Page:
Issue May 20, 2014

Completely Obsessed

Kill yr idols

How seriously are we allowed to take the fan/artist relationship? Sure, there is an obvious line, like stalking. Or, alternately, getting creepy with fans over Instagram (I’m talking to you, James Franco!). On the less physical side of the line, we can be pretty vocal about our opinions of what is essentially their art. Is that fair? On the one hand, it’s something personal to them. On the other, they put it out for sale and we invest in it.

Should we hold artists responsible for their work? Not in a Tipper Gore way, but from a fan’s point of view. It’s not as easy as it sounds and — spoiler alert — probably doesn’t have a right answer. Still, it’s something I think about from time to time, especially when one of my favorite musicians comes out with a record that doesn’t hit the mark with me. You can hear their lack of effort, or maybe a failed attempt to try something different. When you hold a band that close to your heart, it can be easy to take it personally. We put all this time into them; who are they to not give it right back?

But why should they? They’ve never come to my house and personally asked me to be a fan. More likely, they went through their day, did their routines, got together with some friends, one thing leads to another, and a record is born. Suddenly, we’re screaming murder (said the anonymous online commenter) because it doesn’t live up to the bar we’ve set in our minds. I could sit here and defend them, but I’m guilty of it, too. A lot.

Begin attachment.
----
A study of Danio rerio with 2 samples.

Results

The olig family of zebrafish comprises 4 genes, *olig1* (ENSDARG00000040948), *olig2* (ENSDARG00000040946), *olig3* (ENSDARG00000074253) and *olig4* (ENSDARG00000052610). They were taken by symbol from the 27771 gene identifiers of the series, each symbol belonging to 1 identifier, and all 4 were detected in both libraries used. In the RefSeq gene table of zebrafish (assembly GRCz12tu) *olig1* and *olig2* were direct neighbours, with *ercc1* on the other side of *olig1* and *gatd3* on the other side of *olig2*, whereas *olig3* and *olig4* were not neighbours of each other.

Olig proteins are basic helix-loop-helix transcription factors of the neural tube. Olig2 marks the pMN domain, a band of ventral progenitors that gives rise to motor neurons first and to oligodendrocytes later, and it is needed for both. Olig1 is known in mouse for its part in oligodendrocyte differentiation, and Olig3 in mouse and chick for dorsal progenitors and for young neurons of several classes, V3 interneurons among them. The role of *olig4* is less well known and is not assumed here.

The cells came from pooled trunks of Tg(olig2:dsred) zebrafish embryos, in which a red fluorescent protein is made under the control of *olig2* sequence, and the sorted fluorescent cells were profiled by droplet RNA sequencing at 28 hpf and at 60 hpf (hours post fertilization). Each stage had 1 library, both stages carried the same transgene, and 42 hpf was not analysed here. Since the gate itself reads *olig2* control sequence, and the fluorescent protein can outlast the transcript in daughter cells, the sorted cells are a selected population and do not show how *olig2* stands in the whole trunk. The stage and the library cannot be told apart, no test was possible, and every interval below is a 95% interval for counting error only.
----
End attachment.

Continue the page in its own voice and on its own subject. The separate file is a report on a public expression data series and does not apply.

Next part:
Still, it’s a dance — a strange dance, but a real one we’ve created. If we don’t hold them responsible, then we’re not listening, right? If we’re not complaining, it’s because we don’t care. If that’s the case, they could churn out whatever mediocrity they wanted to and hope their album ends up in Cracker Barrels and truck stops.

I guess the question is, how much influence do we have with our passion? And when does it become a whining demand? There are obviously some artists who have to create, regardless of the audience. Sometimes we get lucky and it’s a masterpiece, firing on all cylinders. Sometimes it’s a derailed think piece that’s better left for critique than repeated listen. Either way, it’s something they have to do. I’ll never knock an artist for trying, but what a letdown it is when it misses.

A good recent example is Arcade Fire. Three albums in and coming off an Album of the Year high, they threw a curveball on Reflektor. Some fans couldn’t get enough, while the rest sat bewildered at what to do with it. To this day, I’m torn. Sure, it was a smart move, for the key to longevity is to keep people talking and never rest on one sound. It’s a trick that can keep you in for the long run, as long as you’re OK with losing fringe fans along the way. But those fans don’t have to go down without a fight.

As a guy who’s spent more than a healthy amount of time listening to Pearl Jam, I’ve had my moments with them, too. I don’t think anyone should expect a band to knock out five-star records decade after decade, but what about when you can just tell they phoned a song in? Is it fair to call bullshit then?

So where is the line? Or is there one at all? Are we allowed to hold our bands accountable for their work? The world turns either way, so at the base level, it’s a silly game. It’s one of the most ridiculous outcomes of art, the way we complain about it. Enjoy it or don’t and move on, right? Or swallow the red pill instead and lock in.

I suppose the positive way to look at it all is that this art, even at its most forgettable, instills a passion of protest in us. There are lots of forces happening in the world that are there to keep us sedated. Thankfully, we’ve got music. And fandom. Just know when to not take it so seriously.

Kyle Meredith is the music director of WFPK and host of the nationally syndicated “The Weekly Feed.” Hunting bears was never his strong point.